On April 30, 2021. New Yorkers celebrated the shutdown of Indian Point Energy Center (IPEC), a power plant about 25 miles north of New York City. Between increasing pressure to transition to renewable energy sources, and intensifying anxieties of a chemical spill, environmental activists across the globe felt a sense of relief. But certain experts worry that it might actually result in an uptick of fossil fuel use.
“I don’t see a near-future approach that doesn’t require burning fossil fuel,” interim dean of the Grove School of Engineering at the City College of New York, Alexander Couzis, told Gothamist. “We can’t keep doing business as usual, and then having Indian Point shutting down and at the same time complaining that we’re burning too much hydrocarbon. I mean, something has to give.”
Indian Point was shut down for "environmental reasons."
As previously mentioned, Indian Point closed its doors on April 30, after about 50 years of operation, according to The Guardian. New York governor, Andrew Cuomo, had vouched against the plant for years, describing it as a threat to millions of people with its close proximity to New York City. And after Sept. 11, 2001, anxieties regarding the plant heightened.
“The plant was built to withstand an airplane crash in the 70s,” Cuomo said, as per The Guardian. “Who knows what would happen now with Indian Point?”
In addition to potential radioactive chemical spills which threaten the lives of New Yorkers — especially in the event of a plane crash — on a regular basis, environmentalists are celebrating Indian Point's closure from the standpoint of lowering greenhouse gas emissions. The plant had provided 13 percent of the state's power in 2019, and about 25 percent of New York City's and Hudson Valley's power, and environmentalists hope this is a step in the right direction, toward greener renewable energy.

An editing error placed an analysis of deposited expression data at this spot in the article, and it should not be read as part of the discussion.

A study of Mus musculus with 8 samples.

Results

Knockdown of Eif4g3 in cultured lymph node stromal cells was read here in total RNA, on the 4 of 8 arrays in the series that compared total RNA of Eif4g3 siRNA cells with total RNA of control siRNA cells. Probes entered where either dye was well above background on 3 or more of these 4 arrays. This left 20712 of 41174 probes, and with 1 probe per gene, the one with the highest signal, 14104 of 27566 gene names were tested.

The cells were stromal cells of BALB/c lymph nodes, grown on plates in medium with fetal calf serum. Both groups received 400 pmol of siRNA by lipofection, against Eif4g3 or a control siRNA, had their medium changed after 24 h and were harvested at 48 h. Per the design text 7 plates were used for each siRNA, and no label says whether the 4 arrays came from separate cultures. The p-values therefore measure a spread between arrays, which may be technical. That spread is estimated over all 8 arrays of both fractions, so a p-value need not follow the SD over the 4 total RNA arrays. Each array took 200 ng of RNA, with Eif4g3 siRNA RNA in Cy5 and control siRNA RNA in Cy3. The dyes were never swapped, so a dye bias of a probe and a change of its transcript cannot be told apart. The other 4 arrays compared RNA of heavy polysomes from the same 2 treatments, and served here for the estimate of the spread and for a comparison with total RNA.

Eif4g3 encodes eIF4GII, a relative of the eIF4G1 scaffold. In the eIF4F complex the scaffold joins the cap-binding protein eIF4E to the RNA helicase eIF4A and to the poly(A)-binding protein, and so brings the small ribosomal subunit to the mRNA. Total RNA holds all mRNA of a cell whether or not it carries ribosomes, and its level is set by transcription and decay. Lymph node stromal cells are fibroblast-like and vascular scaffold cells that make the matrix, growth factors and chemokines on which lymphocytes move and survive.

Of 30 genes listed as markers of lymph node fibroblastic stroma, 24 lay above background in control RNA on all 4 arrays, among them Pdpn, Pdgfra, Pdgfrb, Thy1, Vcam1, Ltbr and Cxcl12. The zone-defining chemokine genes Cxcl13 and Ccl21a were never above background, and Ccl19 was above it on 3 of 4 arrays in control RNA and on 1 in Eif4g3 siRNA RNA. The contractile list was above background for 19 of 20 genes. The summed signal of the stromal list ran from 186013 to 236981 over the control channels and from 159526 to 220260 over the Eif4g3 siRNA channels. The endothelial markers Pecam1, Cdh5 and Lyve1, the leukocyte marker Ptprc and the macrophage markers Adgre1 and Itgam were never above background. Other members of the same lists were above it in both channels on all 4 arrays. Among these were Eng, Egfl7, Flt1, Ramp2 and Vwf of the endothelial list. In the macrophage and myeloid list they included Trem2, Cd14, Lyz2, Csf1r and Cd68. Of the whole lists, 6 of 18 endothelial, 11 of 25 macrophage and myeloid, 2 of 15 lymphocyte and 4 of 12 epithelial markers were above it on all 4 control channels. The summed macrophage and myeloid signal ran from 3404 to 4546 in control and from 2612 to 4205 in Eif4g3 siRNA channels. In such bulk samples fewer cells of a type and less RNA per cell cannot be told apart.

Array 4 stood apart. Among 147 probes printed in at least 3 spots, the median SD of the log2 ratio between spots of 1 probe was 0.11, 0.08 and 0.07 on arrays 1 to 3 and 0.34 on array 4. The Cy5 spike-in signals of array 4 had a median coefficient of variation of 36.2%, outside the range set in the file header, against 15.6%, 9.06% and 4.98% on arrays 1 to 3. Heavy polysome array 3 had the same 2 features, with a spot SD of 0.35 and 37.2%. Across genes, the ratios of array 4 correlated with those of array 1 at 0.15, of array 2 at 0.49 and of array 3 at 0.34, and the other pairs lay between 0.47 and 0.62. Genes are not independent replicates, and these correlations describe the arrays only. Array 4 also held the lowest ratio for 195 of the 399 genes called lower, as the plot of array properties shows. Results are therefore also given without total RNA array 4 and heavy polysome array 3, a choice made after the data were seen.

"Energy efficiency and renewables are poised to replace Indian Point’s power output roughly three times over by 2025," Ernest Tollerson and Paul Gallay of RiverKeeper wrote. "Even now, after closure of one of the plant’s last two operating reactors in April 2020, renewables and efficiency savings have helped cut New York’s total fossil fuel-based power consumption to levels roughly 10 percent below where they were when the Indian Point closure agreement was signed in January 2017."
Why would Indian Point's closure result in higher emissions?
In addition to locals mourning the loss of their jobs, some worry that Indian Point's closure will actually result in increased reliance on natural gas. According to The New York Times, when it was first announced that Indian Point would shut its doors, Cuomo made plans to transition to 50 percent renewables by 2030, and now, the goal is 70 percent. But when a reactor was shutdown last summer, the use of gas-fired generators increased by 4 percent, meaning those goals may now be harder to achieve.
State officials say the increase in natural gas emissions will only be temporary, as New York continues making the shift toward cleaner energy. Currently, a wind farm off Long Island is in the works, and New York City's first commercial-sale wind turbine in Brooklyn was also just recently finished. Cuomo's Indian Point Task Force chairman, Tom Congdon, says these renewable energy sources, as well as quite a bit of solar power, will keep New York on track, though many are skeptical.
“Once the large-scale renewable and offshore wind farms are complete, more than half of New York’s electricity will come from renewable sources, putting the state ahead of schedule toward reaching its goal of 70 percent renewable energy by 2030,” Congdon said.
“This is one of the greatest strategic blunders in the history of energy in New York,” author Robert Bryce, who has publicly critiqued the shutdown in the past, told The New York Times. “It’s a catastrophically wrong decision.”
It's imperative that following Indian Point's closure, New York will continue shifting to renewables — for the sake of our planet, it's imperative that we keep working to meet our climate goals, and ultimately curb global warming altogether.